Franz Xaver Messerschmidt (1736-1783) was popular among the German nobility, for whom he produced numerous portrait busts with extreme facial expressions and monumental statues.
He was a German-Austrian sculptor whose works are located between baroque and classicism. He was most famous for his “character heads”, a collection of busts with faces contorted in extreme facial expressions.
Born in southwestern Germany, in the region of the Swabian alps, Messerschmidt grew up in the Munich home of his uncle Johann Baptist Straub, who became his first master. He spent two years in Graz, in the workshop of his other maternal uncle Philipp Jakob Straub. At the end of 1755 he matriculated at the Academy of Fine Arts Vienna, and became a pupil of Jacob Schletterer. Graduated, he got work at the imperial arms collection. Here, in the building`s salon in 1760-1763 he made his first known works of art, the bronze busts of the imperial couple and reliefs representing the heir of the crown and his wife.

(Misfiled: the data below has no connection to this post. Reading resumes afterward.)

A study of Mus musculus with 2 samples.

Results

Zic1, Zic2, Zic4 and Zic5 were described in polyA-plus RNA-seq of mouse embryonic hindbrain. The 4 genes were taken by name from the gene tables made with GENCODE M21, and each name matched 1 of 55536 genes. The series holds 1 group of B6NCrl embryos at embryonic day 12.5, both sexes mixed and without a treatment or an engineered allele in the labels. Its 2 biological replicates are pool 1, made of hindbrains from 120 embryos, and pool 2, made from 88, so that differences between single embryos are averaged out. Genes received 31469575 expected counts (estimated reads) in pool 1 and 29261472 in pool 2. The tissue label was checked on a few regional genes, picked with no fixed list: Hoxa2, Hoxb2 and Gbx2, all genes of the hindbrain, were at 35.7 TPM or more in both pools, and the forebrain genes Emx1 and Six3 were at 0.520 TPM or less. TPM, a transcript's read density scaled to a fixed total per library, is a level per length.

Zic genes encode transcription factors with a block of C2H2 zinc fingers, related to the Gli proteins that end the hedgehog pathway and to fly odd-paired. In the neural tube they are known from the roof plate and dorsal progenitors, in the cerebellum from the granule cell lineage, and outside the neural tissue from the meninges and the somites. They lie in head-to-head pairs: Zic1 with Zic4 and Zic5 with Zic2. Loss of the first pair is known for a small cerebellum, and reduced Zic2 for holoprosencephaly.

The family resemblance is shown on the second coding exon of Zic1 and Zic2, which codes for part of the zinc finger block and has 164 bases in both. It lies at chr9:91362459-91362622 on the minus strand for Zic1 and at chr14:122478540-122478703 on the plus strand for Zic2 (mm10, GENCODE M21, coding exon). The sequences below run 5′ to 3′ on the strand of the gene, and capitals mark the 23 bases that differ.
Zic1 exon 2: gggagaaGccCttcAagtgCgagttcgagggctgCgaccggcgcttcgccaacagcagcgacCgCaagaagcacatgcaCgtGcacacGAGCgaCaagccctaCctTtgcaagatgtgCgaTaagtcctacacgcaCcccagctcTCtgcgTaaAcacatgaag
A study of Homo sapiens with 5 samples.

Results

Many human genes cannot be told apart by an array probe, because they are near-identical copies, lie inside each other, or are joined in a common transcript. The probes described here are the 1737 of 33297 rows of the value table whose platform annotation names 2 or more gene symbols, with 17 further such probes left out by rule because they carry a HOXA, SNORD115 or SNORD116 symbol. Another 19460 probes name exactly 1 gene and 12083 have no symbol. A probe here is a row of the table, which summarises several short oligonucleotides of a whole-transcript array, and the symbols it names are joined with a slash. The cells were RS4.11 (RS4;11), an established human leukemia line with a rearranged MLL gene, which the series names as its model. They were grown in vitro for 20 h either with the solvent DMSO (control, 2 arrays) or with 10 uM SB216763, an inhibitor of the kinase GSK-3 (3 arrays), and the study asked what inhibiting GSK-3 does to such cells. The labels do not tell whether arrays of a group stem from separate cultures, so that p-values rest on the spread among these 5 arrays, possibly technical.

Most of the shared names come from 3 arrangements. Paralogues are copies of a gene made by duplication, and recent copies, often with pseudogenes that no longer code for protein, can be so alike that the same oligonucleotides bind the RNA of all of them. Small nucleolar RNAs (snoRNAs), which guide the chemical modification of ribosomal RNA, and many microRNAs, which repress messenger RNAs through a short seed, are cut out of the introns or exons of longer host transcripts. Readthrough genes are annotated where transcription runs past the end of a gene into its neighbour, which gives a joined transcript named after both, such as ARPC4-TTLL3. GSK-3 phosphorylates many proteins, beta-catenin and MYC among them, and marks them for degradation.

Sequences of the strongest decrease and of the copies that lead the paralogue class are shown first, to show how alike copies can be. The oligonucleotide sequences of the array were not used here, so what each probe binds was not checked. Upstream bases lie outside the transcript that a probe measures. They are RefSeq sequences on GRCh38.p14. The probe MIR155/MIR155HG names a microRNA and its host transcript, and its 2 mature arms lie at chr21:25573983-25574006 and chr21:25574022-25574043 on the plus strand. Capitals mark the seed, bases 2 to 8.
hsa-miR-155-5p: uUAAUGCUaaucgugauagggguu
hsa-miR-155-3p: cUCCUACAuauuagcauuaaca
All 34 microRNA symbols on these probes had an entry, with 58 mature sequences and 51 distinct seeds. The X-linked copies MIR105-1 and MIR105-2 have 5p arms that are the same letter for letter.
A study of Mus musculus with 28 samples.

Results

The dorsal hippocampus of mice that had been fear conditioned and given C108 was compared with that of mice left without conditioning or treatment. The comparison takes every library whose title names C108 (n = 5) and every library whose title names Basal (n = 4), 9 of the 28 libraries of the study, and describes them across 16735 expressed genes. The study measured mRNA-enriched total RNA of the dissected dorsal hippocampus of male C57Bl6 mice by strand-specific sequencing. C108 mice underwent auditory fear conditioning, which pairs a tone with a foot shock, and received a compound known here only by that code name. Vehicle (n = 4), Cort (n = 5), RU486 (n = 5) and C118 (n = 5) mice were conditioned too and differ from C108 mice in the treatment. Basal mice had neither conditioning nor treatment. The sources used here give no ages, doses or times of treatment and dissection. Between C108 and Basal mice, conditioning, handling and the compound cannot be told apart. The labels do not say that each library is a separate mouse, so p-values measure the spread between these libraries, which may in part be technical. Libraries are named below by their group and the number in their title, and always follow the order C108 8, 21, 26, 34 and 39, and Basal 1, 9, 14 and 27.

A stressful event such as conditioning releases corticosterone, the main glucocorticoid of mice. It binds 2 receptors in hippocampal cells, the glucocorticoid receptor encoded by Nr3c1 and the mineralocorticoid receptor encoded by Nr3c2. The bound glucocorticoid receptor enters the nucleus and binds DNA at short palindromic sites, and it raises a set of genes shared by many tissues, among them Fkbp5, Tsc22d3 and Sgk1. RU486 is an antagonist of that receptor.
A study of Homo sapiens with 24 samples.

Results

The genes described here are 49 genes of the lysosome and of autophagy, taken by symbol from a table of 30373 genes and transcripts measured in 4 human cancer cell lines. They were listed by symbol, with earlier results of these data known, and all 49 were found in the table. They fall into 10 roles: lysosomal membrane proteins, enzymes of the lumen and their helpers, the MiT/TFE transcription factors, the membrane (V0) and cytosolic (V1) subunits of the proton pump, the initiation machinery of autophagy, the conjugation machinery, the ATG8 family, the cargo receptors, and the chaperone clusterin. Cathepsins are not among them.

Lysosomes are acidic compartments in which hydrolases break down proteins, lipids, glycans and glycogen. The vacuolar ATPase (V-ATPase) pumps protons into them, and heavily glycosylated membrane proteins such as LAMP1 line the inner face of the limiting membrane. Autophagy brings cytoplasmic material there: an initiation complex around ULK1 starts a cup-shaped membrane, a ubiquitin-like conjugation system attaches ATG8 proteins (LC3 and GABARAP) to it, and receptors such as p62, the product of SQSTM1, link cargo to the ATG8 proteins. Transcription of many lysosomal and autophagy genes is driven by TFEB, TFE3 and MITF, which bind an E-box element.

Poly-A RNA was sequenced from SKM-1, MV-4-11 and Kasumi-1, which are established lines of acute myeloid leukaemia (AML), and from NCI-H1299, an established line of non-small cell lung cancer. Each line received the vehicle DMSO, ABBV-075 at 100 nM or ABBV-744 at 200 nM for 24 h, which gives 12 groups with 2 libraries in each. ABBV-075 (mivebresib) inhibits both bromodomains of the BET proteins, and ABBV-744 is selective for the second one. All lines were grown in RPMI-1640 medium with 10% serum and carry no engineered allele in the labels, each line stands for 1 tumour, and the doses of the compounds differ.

Observing the resulting facial expressions in a mirror, Messerschmidt then set about recording them in marble and bronze.
His intention was to represent the 64 “canonical grimaces” of the human face using himself as a template.
He started out as an academically trained sculptor doing normal portrait commissions. But then the work dried up, he lost his teaching position, and he suffered a mental malady that they called “confusion in the head”.
He also suffered a stressful abdominal problem. When he pinched a rib to distract himself from the pain, he noticed that he winced in interesting ways. He developed an interest in necromancy and the arcane, which further inspired his character heads.
A first sculpture of him that showed first characteristics of a caricature was his sculpture of Gerard van Swietens made around the year 1770. In his late years he left Vienna, went to Munich and Wiesenburg and finally stayed with his brother in Pressburg (today: Bratislava), where he died on August 19, 1783.
The famous character heads were executed in Pressburg. The whole collection includes about 52 different heads, all showing different facial expressions.
The heads are pictures of him, made as self-portrays. They show very different facial expressions, like bizarre ones or distraught expressions. Many people, like Count Kaunitz, thought he was lightly mental disturbed; this was a widely spread point of view, even there was no proof for it.